Here's what we're watching for in the divisional battle:
- Who is the better surgeon under center? Carson Wentz has had quite the start to the 2017 season, leading the Eagles to a 5-1 record in their first six games with plenty of touchdown passes (13) and very little mistakes (three interceptions). Will the second-year passer continue his hot start against a Redskins secondary that could be missing some of its best members, or will the pressure of the bright lights and big stage be too much?
We know what to expect from Kirk Cousins -- or at least we think we do. Last season, Cousins tended to shine in big games, picking apart defenses through the air. This year, things have been a little different for the Redskins' offense. Instead of relying on 2016 breakout target Jamison Crowder, Cousins has spread the ball around the group, relying heavily on running back Chris Thompson out of the backfield. Thompson is tied for the team lead in receptions with tight end Jordan Reed (18), though the running back has more than doubled Reed's yardage, taking his grabs 340 yards and scoring twice in the process. With Rob Kelley expected to start at running back, will Cousins instead turn to his traditional receivers more often?
- Is this the game in which Terrelle Pryor finally lives up to the offseason hype? Eagles cornerback Ronald Darby (ankle) is questionable, increasing the load on the rest of the Philadelphia secondary. The Eagles might also be without linebackers Jordan Hicks (calf) and Mychal Kendricks (hamstring), meaning a defensive back might be needed to account for Thompson out of the backfield, leaving Philadelphia's defense that much thinner. With the listed defenders potentially out of the game, could this be the opening Pryor has been looking for? He has just 16 catches for 209 yards on the year but might see his most favorable of the season as part of an offense that hasn't leaned on one particular target. His big frame should serve him well against lesser defensive backs in a game that is sure to feature plenty of passes from Cousins.
- Start the engine of the Eagles' ground game. Washington will be without defensive tackle Jonathan Allen for three months because of foot surgery, leaving a big hole on the defensive line. In steps former Steeler Ziggy Hood, who isn't nearly as reliable as who he replaced. Philadelphia hasn't leaned on its run game often, but with Redskins linebacker Mason Foster also questionable with a knee injury, Monday night could be the perfect time for LeGarrette Blount to bust loose. The running back rumbled to a 136-yard day in a win over the Chargers earlier in the season and has averaged better than 4.5 yards a carry in each of his last four games. Monday might serve as the perfect setting for his biggest night as an Eagle. Then again, the Redskins are thin in the secondary, meaning ...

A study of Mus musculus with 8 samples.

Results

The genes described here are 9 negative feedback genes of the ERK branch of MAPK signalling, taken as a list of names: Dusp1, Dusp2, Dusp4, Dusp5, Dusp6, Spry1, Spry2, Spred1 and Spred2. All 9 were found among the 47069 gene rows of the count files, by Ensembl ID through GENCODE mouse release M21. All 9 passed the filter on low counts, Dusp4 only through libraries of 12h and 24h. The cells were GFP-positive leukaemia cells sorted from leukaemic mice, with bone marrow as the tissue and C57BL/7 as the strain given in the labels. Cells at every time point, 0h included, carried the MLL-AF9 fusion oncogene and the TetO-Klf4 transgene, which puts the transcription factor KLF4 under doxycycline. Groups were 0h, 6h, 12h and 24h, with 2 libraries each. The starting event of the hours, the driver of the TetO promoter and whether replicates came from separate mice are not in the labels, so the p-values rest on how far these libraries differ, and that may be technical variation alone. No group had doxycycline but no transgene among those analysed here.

- Prepare for the air attack. We highlighted Wentz's hot start earlier in this post, and with Josh Normanalready ruled out with a rib injury and Bashaud Breeland (knee) questionable, disaster could await the Redskins' defense. This sets up perfectly for Wentz to have a night to remember, and with Nelson Agholor and Alshon Jeffery each already over 300 yards receiving, Philadelphia is primed for an explosive night. Let's not forget Philadelphia's leading receiver, tight end Zach Ertz, who is coming off a two-touchdown night in a Thursday Night Football win over Carolina. For the first time since the days of DeSean Jackson and Jeremy Maclin, Philadelphia has plenty of toys for its quarterback to utilize in the passing game, with a prime matchup awaiting the Eagles.
- Which defense steps up to the challenge? Records aside, this matchup is about as even as they come. Seriously, look at this:
It's difficult to find a significant advantage for either team with averages that close. This one is setting up for a solid game from Cousins (Philadelphia allows close to 50 more passing yards per game than Washington), and a decent night on the ground for the Eagles (Washington is allowing 88 rushing yards per game as opposed to Philadelphia's 65.7). Realistically, the averages play directly into the strengths of the Redskins more than the Eagles, but with the aforementioned injuries plaguing Washington, we have to take their 228 passing yards per game with a grain of salt. Perhaps this one will come down to third-down conversions, with the Eagles owning a 10 percent advantage. At home, Wentz and the Eagles look to have a better chance of converting the crucial down and extending drives.
Yes, this looks like a jumble of similar statistics. Let's go to the game's vital stat: turnover differential. The Eagles are seventh in the league there, owning a plus-4 mark, while Washington is near the bottom middle of the league with a minus-1 differential. Like most games, the team that turns the ball over less usually wins. Opportunistic defense will prove to be the difference in this one. Which unit fills that role is yet to be determined.